Deep time is the concept of geologic time, the vast unimaginable 4.55 billion years of our planet’s history.
The concept of ‘deep time’ has its origin with the Scottish geologist James Hutton, he and a fellow scientist John Playfair, visited Siccar Point in 1788, there they examined rock beds, old in themselves, but sitting on top of upturned beds, which must have been even older. Reflecting on their observations, Playfair wrote the famous words; “The mind seemed to grow giddy by looking so far back into the abyss of time,” Hutton and Playfair, could not give a figure to the age of the Earth, that would have to wait until the work of Arthur Holmes in the twentieth century, using the decay rates of long-lived radioactive elements in rocks. The words ‘deep time’ were first used in relation to geologic time by the American author John McPhee in Annals of the Former World.
Below, scroll down a timeline spanning 4.55 billion years. To give a degree of familiar reference, a scale of one year is placed on the timeline, with January 1st corresponding to the beginning of the Earth and midnight on December 31st to the present. On this scale even the thinnest line is too thick to accurately depict humanities presence on the Earth. Of the current Voyages, the one to the Malvern Hills, crosses rocks with an origin of around 670 million years ago. On the one year time scale, those rocks formed around 10th of November – the dinosaurs walked the Earth around mid-December for about a week. To find the oldest known rocks on Earth, you need to visit Austalia (Jack Hills) Zircon crystal dated at 4.375Ga or Canada (Quebec) 4.28Ga or Greenland. 3.7Ga. (Ga = 1000’s of millions of years before the present).
That long scroll down to reach this text echoes how ‘deep’ the history of the planet is. Representing 4600 million years (4.6Ga – giga) to scale is not easy. You will find this same scale in the Voyager app when you touch the clock. In the app you can view planetary plate configurations from the deep past along with the occurrence of impacts from space, major volcanic events, extinction events and atmospheric oxygen and carbon dioxide levels through time.
On this scale most of the geology we encounter today involves rocks formed and live forms evolved in just over the last month of that year! A lot of Earth history for the first ’11 months’ is represented by small exposures of ancient rocks in places like NW Scotland, Greenland, Canada and Australia.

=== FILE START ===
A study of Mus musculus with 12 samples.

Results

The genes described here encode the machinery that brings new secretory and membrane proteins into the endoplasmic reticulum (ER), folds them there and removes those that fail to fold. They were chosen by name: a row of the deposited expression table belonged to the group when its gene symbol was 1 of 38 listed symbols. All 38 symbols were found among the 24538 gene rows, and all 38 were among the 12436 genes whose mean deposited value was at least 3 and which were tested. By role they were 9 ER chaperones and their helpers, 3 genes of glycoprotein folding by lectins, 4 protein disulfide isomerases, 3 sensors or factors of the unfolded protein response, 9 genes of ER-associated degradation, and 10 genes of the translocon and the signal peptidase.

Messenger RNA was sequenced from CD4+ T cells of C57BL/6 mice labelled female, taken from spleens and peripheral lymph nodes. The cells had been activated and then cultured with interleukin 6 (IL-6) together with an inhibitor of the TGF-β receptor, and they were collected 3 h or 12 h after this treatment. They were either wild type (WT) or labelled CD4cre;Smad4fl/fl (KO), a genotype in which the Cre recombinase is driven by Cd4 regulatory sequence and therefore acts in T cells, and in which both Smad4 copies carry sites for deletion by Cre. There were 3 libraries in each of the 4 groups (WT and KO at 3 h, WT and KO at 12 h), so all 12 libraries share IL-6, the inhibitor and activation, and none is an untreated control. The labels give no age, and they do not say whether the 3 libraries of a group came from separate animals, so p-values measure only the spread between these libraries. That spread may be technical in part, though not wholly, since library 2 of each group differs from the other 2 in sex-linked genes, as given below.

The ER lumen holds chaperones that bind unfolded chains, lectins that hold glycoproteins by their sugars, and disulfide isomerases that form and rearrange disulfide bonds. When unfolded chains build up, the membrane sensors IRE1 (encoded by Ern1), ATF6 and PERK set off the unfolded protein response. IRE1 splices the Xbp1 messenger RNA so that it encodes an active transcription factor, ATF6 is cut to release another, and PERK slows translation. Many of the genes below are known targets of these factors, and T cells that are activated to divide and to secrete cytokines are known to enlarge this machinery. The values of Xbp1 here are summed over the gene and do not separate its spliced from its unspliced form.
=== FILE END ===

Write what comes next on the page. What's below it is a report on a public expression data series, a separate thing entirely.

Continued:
On the scale used for this diagram we cannot correctly show human history, even the last 8000 years would need a line only about one hundredth of a pixel thick. The time since the start of the Industrial Revolution (when most natural resources began to undergo significant consumption) would need a line five ten thousandths of a pixel thick!
What does the dark red line at the top of the scale (above the Neogene) represent?
This is the Quaternary period, which spans the last 2.58 million years. The diagram below shows how the Quaternary period is further subdivided into Epochs and Ages. This subdivision also applies to the other periods like the Jurassic. The boundaries between all these time intervals is set by the International Commission on Stratigraphy.
The time boundaries are decided on the basis of a significant event which is well represented in the rock record at some location. For example, the start of the Greenlandian is based on an ice core sample from the North Greenland Ice Core project. The core marks the end of the Younger Dryas – a brief period of return to near glacial conditions. The current Megahalayan is based on a formation preserved in a cave in Megahalaya in northeast India.
Many would like the International Commission on Stratigraphy to officially adopt the Anthropocene as an age, or maybe a new epoch or period, marking the time when humanity became a significant force in shaping the planet. Some have suggested 1945 as a time horizon, as that was the year of the first nuclear bombs, which will have left a signature of radioisotopes in the rocks forming at that time.
Some of the maps used in Voyages contain the words ‘Monsters of the Anthropocene’, to signify dangers from traffic. Vehicles being a threat to life in this age, perhaps just as much as the larger lifeforms of the past.